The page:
DEP denies Windsor’s initial request to install a diesel fuel tank

by Sandy Isaac

At the November 12 selectmen’s meeting, Town Manager Theresa Haskell reported that the Department of Environmental Protection (DEP) has denied Windsor’s request to have a diesel tank installed on town property, specifically at the public works department. The need for a new diesel fuel tank stems from John Moody’s retirement announcement, effective this December. The town used Moody’s Fuel on Route 17, which included refueling after hours or during snowstorms. The DEP said the town will now have to apply for a variance, fill out a 25-plus page application, and go through the fire marshal’s office again for approval.

Haskell and Selectmen Ronald Brann had a formal meeting with representatives from the DEP, which, according to Brann, became quite heated at times. During the meeting, Brann inquired about alternatives to the diesel tank plans, including a 500-gallon fuel “cube.” A fuel cube can be placed on site and used as necessary, but still have the ability to be drained and moved. The DEP said this type of system was meant to be used at construction sites or on a temporary basis and would not be appropriate for the town’s needs.

Brann then suggested a trailer or a tank on the back of a pick-up truck. The DEP responded that although it was legal, it would not be secure. Therefore, the DEP recommended a full 1,000-gallon tank install with an electric leak warning system included in the installation plans.

The denial from the DEP is the result of one primary issue: all of the town owned properties that can house a 1,000-gallon fuel tank are located on an aquifer. An aquifer is a body of permeable rock which can contain or transmit groundwater. Following the meeting with the DEP, Brann contacted the fire marshal’s office for clarification.

After much discussion, the selectmen decided to look into acquiring a truck with a 100-gallon tank to get through plowing season. This choice would also allow the public works department to utilize the portable tank for off-site work throughout the rest of the year.

Haskell called in Chief Arthur Stout from the Windsor Fire Department into the meeting and asked about the departments plans for refueling. The fire department is currently using fuel cards for filling up. The selectmen indicated that they would like to enter into a conversation with the fire department about ideas and possibly collaborating to resolve the fueling situation. Arthur said he will bring up the topic at the next fire department meeting. Haskell is hoping to get some ideas in motion prior to planning the next town budget.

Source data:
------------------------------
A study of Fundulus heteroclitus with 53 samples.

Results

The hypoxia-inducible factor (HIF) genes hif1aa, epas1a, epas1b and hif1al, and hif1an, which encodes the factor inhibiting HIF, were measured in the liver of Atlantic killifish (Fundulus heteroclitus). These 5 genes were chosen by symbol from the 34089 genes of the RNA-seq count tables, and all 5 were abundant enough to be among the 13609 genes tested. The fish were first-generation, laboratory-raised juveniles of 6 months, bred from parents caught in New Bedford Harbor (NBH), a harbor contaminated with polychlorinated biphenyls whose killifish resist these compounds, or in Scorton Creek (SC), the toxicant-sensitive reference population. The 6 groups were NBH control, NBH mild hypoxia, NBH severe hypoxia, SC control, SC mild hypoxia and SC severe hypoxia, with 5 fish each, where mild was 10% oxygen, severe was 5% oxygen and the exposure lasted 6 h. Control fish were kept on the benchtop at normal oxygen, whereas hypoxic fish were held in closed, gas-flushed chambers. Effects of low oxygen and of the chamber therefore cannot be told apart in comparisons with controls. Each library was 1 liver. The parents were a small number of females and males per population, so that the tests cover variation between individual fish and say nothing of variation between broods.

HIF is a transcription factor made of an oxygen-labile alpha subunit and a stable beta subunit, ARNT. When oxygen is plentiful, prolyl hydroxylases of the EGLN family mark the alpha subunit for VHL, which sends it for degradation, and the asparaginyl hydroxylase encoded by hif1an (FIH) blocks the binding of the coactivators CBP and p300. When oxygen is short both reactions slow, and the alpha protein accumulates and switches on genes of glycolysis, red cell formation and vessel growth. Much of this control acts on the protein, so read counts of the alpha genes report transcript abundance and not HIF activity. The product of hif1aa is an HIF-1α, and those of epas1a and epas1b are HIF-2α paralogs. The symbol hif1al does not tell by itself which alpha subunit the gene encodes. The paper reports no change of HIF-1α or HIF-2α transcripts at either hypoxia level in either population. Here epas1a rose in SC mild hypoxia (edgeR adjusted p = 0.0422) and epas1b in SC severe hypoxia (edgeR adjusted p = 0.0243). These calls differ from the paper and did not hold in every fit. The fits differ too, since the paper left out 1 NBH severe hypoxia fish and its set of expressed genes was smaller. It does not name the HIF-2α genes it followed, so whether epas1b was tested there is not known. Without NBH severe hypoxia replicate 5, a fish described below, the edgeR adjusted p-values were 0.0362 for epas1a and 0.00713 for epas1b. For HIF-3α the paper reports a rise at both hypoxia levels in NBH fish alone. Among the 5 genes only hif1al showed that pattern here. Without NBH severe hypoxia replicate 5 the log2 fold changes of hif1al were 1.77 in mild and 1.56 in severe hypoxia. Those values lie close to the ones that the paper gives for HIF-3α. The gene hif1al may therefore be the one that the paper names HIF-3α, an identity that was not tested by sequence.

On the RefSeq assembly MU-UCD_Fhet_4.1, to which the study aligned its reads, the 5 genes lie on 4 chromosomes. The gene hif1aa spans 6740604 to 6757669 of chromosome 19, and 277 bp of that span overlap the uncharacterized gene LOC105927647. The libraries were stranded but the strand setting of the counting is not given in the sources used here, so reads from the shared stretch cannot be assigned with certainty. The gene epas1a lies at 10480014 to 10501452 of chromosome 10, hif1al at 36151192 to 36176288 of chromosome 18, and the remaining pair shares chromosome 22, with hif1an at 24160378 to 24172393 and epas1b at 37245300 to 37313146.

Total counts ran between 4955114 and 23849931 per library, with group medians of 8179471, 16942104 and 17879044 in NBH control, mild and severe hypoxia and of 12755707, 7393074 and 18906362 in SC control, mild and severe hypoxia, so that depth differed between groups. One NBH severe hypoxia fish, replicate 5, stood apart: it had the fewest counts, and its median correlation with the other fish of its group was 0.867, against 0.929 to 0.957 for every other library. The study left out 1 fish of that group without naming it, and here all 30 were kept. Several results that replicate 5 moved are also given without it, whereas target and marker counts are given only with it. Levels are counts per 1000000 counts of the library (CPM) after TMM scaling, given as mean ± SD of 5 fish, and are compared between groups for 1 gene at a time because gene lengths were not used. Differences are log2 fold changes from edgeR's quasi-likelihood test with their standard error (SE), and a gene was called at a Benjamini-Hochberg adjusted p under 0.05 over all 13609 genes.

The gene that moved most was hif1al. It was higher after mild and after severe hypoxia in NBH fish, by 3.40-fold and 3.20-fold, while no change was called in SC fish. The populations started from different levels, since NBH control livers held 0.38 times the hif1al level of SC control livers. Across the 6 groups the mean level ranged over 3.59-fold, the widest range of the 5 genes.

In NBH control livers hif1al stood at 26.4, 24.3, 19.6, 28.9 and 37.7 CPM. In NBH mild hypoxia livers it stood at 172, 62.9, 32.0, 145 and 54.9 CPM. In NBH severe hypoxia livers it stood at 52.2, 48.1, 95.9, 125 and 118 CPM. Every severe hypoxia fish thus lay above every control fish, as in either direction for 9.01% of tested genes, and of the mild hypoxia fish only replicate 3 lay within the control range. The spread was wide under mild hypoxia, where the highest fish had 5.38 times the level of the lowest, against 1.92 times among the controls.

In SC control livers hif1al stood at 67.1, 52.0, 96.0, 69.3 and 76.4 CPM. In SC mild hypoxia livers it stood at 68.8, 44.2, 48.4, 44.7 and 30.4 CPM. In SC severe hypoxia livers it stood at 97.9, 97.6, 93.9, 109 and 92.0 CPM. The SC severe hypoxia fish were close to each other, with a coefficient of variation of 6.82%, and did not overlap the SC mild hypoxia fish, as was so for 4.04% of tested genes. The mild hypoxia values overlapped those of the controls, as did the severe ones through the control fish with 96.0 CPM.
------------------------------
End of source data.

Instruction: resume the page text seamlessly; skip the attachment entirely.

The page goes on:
The next item that presented much discussion was Charter (formerly Spectrum, and before that, Time Warner) Cable Company franchise agreement. The town of Windsor and Charter have a 10-year agreement which allows the cable company to do business within the town limits. In exchange, Charter pays the town a yearly fee. Although the contract is not up for another year and a half, Charter is pressing for Windsor to sign the newly-revised agreement. However, the revisions contain 15 additional pages and, in Selectmen William Apple Jr’s words, “it is not a mutual agreement and leaves us [Windsor] completely culpable.”

For example, revised agreement wording suggests Windsor would be liable for paying for work of laying cable underground or under roadways, to reimbursing Charter an equal amount of money if a utility company is reimbursed for work. Additional wording suggests, if another company were to solicit Windsor, the town must notify Charter and grant them the right to charge the same fees, thus illuminating the competition.

Haskell was asked to find out what would happen if the agreement was not signed. Haskell indicated that most Charter’s responses were repetitive and scripted, but she would reach out to them for an answer.

Haskell stated she would contact Vassalboro and China’s town managers to see if they have similar agreements with Charter. The contract with Charter will be tabled until a later date.

On a positive note, Haskell reported budgeting a six percent increase for Windsor’s employee health benefits for 2019-2020. However, the benefits only increased by three percent.

Finally, the selectmen unanimously approved changing their meeting from December 24 to December 23 at 6 p.m., and allowing the town office to close at 12:30 p.m., on the December 24, and at 5 p.m., on December 31.

The next regularly scheduled selectmen’s meeting is set for November 26.